After the wonderful success of the original Crucible Fuzz, I decided to expand the line to include a model based on germanium transistors. As with the original, I wasn't as interested in exactly duplicating the sound of vintage devices as I was in coming up with something that would go beyond the old stuff.
I wasn't trying to come up with “my take on a germanium Fuzz Face,” I was set on building a germanium version of the Crucible Fuzz. The very high gain of the NPN transistors in the Crucible Fuzz is a big part of its magic, so I went in search of some more good-sounding high gain transistors. Did some research, and the AC187 seemed to have what I was looking for: germanium, NPN, and HIGH GAIN. I took a leap and acquired a lot of 600 NOS AC187/01's. When these are used up, there will be no more Crucible GE's unless I find another good batch of transistors!
After weeks of gain testing, listening, resistor value adjusting, and more listening, I came up with a recipe that sounded incredible.
The Crucible Fuzz GE has a germanium sound to it, but it is not designed to give you the sound of those who have gone before. It is designed to lay waste to the sonic landscape with gobs of gain and fuzz. As with its older sibling, you may use it to produce controlled feedback at conversational volume levels.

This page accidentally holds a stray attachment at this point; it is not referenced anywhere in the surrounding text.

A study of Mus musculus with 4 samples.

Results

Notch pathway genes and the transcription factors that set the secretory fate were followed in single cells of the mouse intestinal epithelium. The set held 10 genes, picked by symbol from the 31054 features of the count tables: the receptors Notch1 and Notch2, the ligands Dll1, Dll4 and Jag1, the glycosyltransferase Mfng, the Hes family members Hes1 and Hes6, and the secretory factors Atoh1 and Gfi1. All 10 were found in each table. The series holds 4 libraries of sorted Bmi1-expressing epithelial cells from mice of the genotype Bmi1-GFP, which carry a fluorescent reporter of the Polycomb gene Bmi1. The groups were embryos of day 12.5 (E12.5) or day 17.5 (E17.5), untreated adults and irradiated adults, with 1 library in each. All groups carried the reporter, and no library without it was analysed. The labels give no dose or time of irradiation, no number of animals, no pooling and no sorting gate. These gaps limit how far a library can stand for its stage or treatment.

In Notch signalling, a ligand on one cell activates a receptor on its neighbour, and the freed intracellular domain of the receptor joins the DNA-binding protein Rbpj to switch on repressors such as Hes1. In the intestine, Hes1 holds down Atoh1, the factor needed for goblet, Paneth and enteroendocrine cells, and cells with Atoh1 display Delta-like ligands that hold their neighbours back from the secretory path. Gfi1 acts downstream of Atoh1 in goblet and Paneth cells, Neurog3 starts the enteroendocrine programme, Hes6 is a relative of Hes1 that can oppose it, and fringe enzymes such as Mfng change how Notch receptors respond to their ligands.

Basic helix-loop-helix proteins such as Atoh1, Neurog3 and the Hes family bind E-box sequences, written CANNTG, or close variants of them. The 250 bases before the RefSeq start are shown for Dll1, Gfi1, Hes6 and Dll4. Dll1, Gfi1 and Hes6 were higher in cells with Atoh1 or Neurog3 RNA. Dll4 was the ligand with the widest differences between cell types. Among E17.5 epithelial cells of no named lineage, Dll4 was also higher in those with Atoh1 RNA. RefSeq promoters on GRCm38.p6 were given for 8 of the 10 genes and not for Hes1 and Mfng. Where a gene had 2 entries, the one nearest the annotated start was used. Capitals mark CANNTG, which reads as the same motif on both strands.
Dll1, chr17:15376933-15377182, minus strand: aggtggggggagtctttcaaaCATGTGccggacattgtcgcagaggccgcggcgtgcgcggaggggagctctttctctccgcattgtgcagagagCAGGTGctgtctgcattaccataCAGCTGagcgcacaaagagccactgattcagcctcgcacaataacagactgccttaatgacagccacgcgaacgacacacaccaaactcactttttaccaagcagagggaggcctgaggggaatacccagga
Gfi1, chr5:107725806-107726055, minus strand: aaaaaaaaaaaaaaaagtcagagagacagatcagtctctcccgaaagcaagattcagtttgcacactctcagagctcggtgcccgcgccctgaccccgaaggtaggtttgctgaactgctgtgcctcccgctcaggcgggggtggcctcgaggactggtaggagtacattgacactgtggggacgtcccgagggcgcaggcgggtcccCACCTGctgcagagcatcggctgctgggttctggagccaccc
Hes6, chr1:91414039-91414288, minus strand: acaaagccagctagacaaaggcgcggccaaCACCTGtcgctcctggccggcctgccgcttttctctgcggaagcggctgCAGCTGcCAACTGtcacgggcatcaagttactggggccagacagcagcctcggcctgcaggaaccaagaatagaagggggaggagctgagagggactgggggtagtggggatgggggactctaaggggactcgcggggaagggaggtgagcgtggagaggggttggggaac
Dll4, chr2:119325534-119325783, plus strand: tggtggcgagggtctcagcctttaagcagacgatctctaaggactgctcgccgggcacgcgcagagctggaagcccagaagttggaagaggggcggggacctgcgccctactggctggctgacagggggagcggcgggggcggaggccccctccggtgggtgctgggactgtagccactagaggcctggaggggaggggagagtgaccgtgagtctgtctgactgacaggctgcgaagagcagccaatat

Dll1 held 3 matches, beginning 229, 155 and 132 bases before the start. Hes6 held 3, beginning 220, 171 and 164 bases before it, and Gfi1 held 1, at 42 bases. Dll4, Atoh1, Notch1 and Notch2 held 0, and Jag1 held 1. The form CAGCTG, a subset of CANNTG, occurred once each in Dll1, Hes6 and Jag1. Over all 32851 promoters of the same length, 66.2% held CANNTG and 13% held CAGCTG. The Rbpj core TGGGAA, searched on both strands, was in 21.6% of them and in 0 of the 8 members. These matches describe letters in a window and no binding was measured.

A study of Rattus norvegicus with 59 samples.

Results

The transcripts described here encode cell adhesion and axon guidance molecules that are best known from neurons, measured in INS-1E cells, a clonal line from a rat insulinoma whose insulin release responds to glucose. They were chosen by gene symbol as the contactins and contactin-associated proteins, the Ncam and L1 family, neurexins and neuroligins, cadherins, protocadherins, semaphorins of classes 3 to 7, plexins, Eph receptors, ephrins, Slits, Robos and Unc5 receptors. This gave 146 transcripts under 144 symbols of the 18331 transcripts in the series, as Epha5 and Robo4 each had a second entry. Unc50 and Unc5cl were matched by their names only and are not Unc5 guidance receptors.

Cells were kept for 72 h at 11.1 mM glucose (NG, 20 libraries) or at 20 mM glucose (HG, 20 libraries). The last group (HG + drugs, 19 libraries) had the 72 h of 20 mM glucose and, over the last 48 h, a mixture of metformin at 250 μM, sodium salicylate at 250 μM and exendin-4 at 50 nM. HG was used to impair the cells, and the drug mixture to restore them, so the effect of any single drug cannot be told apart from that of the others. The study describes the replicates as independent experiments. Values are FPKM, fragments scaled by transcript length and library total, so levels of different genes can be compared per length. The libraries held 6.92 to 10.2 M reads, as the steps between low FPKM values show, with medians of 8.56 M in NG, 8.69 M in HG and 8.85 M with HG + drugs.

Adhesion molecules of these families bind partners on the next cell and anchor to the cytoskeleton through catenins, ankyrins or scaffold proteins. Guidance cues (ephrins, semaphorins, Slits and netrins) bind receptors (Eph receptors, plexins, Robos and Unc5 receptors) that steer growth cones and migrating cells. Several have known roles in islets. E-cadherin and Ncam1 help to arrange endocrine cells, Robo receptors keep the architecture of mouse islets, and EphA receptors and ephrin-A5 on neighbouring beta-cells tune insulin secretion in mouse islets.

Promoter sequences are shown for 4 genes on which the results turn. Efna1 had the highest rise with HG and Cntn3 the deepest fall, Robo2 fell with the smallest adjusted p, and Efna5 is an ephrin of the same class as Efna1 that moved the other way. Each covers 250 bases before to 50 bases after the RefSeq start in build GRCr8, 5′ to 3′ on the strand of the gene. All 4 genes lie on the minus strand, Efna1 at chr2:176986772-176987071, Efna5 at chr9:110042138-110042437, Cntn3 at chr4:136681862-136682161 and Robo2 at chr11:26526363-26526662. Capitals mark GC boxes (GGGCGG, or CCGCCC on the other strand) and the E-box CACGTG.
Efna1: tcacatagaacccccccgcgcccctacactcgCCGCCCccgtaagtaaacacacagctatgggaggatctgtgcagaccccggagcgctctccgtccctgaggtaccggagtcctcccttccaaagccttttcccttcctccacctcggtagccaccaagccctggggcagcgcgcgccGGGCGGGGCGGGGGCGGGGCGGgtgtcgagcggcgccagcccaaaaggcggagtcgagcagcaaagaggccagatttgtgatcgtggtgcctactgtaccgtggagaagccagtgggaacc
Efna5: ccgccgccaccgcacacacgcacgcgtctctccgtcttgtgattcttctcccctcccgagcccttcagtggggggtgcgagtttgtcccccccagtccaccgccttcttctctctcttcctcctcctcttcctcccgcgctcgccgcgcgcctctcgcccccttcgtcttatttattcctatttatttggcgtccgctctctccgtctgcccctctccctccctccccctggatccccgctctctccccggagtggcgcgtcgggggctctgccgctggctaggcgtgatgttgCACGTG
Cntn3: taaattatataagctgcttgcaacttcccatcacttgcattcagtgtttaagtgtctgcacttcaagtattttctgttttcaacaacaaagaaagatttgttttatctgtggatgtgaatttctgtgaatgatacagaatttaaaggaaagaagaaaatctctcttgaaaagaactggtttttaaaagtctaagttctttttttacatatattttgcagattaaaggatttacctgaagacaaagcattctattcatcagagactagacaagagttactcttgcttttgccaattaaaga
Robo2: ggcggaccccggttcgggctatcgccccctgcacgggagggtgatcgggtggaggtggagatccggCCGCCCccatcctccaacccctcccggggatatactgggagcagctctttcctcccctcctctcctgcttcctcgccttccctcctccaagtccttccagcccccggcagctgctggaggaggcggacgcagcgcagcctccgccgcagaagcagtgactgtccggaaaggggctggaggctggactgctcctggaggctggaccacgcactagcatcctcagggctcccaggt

For the techies, it uses a pair of hand-selected NOS AC187/01 high gain NPN transistors. The bias and volume resistors are tuned (by selection, not trimpots) for optimum performance in each unit. I set them up at 70 degrees Fahrenheit, and like all germanium devices, their gain will increase with warmer temperatures and decrease with lower ones. This is an inherent behavior of germanium-based fuzzes, and all I have done to accommodate it is make sure that all units are set up at a uniform ambient temperature. If you want a great sounding fuzz that is also temperature solid, the original Crucible Fuzz is for you.